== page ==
News Companies that have undisclosed ties to Xinjiang could be held with fines by the UK Gov

Sep 26, 2012
London, UK
Companies that hide connections with Xinjiang, China, which was alleged with putting minorities and Uhygurs to forced labor, will be fined and sanctioned under new measures by the UK government.

This is to ensure that British companies are not profiting from the human rights violations made in Xinjiang.

The full action taken by the government, as mentioned by UK Foreign Secretary Dominic Raab:

First, today, the FCDO and DIT have issued new, robust and detailed guidance to UK businesses on the specific risks faced by companies with links to Xinjiang and underlining the challenges of conducting effective due diligence there.

A Minister-led campaign of business engagement will reinforce the need for UK businesses to take concerted action to address that particular and specific risk.

Second, we are strengthening the operation of the Modern Slavery Act. The Home Office will introduce fines for businesses that do not comply with their transparency obligations.

And the Home Secretary will introduce the necessary legislation, setting out the level of those fines, as soon as parliamentary time allows.

Third, we announced last September that the transparency requirements that apply to UK businesses under the Modern Slavery Act will be extended to the public sector.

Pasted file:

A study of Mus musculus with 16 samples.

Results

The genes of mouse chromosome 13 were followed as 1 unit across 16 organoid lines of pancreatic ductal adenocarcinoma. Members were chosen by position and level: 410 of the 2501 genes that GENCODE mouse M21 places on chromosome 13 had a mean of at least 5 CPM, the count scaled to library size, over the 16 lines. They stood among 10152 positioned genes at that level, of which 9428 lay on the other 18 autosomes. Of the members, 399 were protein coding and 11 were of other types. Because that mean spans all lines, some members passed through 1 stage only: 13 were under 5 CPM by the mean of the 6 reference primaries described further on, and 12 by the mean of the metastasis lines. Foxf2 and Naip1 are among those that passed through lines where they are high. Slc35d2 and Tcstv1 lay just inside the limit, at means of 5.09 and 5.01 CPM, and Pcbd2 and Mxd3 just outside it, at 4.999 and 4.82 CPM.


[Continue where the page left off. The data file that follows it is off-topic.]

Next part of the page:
The FCDO will now work with the Cabinet Office to provide guidance and support to UK government bodies to exclude suppliers, where there is sufficient evidence of human rights violations in any of their supply chains.

Let me say that we in the United Kingdom – I think rightly – take pride in the overwhelming majority of British businesses that do business, do so with great integrity and professionalism right around the world. That’s their hallmark, it’s part of our USP as a Global Britain.

It is precisely because of that, that any company profiting from forced labour will be barred from government procurement in this country.

Fourth, the Government will conduct an urgent review of export controls as they apply specifically geographically to the situation in Xinjiang, to make sure that we are doing everything that we can to prevent the export of any goods that could directly or indirectly contribute to human rights violations in that region.

This package put together will help make sure that no British organisations, Government or private sector, deliberately or inadvertently, are profiting from or contributing to human rights violations against the Uyghurs or other minorities in Xinjiang.